Old Mole Variety Hour
The Old Mole burrows down to the roots of the great issues of our time – the struggles of ordinary people for democratic and sustainable ways of life. The Mole goes where corporate media fear to tread, supporting grassroots challenges to top-down authority and giving voice to movements that shake the foundations of an unjust society. The Moles' perspective is democratic, broadly socialist, and feminist. (We count Karl Marx as a friend).
You can leave comments for the Moles at firstname.lastname@example.org or by clicking on the comment section for any of our audio pieces.
Live from Haiti, Kevin Pina talks by cell phone with the Old Mole's Laurie Mercier about the recent history of Haiti and US role in suppressing Aristide and popular democratic movements, as well as about the US militarization of current aid efforts and its cost in human lives. Pina is a journalist, activist and filmmaker, who knows Haiti intimately. (The accompanying photo shows him in journalistic action in Haiti.)
You can see more from him in this video interview. Pina recommends the Haiti Emergency Relief Fund as the best place to contribute directly to the Haitian people. For more background, check out the Haiti Information Project; Pina's film We Must Kill the Bandits; his article in World Press; and Naomi Klein on disaster capitalism in Haiti.
Howie Hawkins as the Green Party candidate took 41% of the vote for mayor of Syracuse, New York last November. One of his main issues is public utilities and generating green energy locally, and he talks about the politics of that in this conversation with the Old Mole's Bill Resnick.
Why did Ted Kennedy's Senate seat go to a Republican? What does this mean for Obama and his agenda? Massachussetts political scientist John Berg talks with our Bill Resnick about it all.
Two documentary films made in recent years about Haiti help us to understand the current crisis following the earthquake. Movie Moles Jan Haaken and Frann Michel discuss what can be learned from Aristide and the Endless Revolution and The Agronomist. The second of these revolves around the historical and ongoing importance of community supported radio in Haiti, and makes clear why you should support KBOO (please click on the tip jar at the top of this page if you haven't donated yet in this fund drive!)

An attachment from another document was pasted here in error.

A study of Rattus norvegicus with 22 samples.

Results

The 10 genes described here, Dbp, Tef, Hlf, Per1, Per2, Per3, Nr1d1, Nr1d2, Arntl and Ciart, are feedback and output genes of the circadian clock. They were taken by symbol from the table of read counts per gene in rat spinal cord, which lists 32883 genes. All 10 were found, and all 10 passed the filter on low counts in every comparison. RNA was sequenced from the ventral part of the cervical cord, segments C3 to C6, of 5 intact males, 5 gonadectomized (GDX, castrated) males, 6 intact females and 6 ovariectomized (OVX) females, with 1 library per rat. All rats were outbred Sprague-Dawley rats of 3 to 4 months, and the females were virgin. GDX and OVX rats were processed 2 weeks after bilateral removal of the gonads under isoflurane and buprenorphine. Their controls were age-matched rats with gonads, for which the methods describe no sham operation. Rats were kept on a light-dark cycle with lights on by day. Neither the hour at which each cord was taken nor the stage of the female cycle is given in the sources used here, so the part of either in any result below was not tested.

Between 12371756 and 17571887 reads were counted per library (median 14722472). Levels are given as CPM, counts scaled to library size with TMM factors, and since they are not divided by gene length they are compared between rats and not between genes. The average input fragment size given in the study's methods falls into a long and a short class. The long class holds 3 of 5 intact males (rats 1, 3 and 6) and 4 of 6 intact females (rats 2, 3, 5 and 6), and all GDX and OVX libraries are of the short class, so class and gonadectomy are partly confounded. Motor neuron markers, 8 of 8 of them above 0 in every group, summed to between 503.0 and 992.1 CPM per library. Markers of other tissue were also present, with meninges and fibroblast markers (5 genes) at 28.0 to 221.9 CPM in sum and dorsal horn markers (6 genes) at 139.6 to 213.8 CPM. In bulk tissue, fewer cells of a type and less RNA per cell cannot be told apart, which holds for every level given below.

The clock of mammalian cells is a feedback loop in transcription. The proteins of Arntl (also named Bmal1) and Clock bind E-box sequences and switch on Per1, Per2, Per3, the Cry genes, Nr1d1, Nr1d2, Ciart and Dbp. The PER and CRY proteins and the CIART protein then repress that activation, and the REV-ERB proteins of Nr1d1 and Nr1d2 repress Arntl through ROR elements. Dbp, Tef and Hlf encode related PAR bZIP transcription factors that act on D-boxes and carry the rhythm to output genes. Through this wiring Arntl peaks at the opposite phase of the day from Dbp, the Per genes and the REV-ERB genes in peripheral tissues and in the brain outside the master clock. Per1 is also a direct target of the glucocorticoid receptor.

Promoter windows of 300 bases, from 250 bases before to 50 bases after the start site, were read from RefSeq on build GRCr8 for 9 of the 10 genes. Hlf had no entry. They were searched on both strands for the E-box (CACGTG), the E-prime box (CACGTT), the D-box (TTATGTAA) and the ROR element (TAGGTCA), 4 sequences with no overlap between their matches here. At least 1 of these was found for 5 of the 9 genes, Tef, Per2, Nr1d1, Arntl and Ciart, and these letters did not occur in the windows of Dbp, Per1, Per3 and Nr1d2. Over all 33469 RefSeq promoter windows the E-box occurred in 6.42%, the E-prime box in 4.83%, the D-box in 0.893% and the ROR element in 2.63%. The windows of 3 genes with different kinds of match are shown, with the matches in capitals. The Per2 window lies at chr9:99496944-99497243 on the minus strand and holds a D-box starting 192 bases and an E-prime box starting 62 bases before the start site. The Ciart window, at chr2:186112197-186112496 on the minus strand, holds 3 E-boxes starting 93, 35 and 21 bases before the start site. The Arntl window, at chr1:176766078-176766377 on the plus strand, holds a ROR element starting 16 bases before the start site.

Does last week's Supreme Court decision permitting corporations to promote candidates for office, on the grounds of their right to "free speech," hand over our government to corporations? Clayton Morgareidge reviews some of what the left press has to say on the topic. You can read his comments and find his sources here.
Hosted by Clayton Morgareidge, this program reviews recent documentaries on Haiti that throw light on Haiti's current situation after this month's earthquake. We also hear about why the Democrats lost the Senate race in Massachussetts and what it means for the Obama administration. Plus a discussion of last week's Supreme Court decision granting corporations the right to "free speech" in political campaigns. This show is also part of KBOO's winter membeship drive, and we appreciate your support. Many thanks if you have contributed. If not, the "tip jar" is available at the top of this page!
To hear the whole show, use the play button below. To hear individual pieces and find more information, follow these links:
What is the unemployment situation today, and what can and should be done about it? Dedrick Muhammad, researcher and writer at the Institute for Policy Studies talks with the Old Mole's Bill Resnick about jobs and the performance of the Obama adminstration in creating them.
It's time to stop talking about charity for Haiti and start talking about justice--about recovery, responsibility and fairness. Frann Michel puts the Hatian disaster in historical context and demonstrates how " Haiti was made poor--by France, the United States, Great Britain, other Western powers and by the IMF and the World Bank" (Richard Kim, The Nation). You can read this piece here, where you'll find links to much more information.
Media critic Robert McChesney was in town this week to talk about his new book, co-authored with John Nichols, Tragedy and Farce: How the American Media Sell Wars, Spin Elections, and Destroy Democracy. The Old Mole's Denise Morris talks with him about what independent journalism needs in order to survive. McChesney is co-founder of Freepress, and you can read an article summing up his book here.
Book Mole Larry Bowlden reviews Portland writer Heidi V. Durrow's first novel The Girl Who Fell From the Sky. It's about being neither black or white in a world that thinks in black and white.
An archive of Larry's reviews can be found here.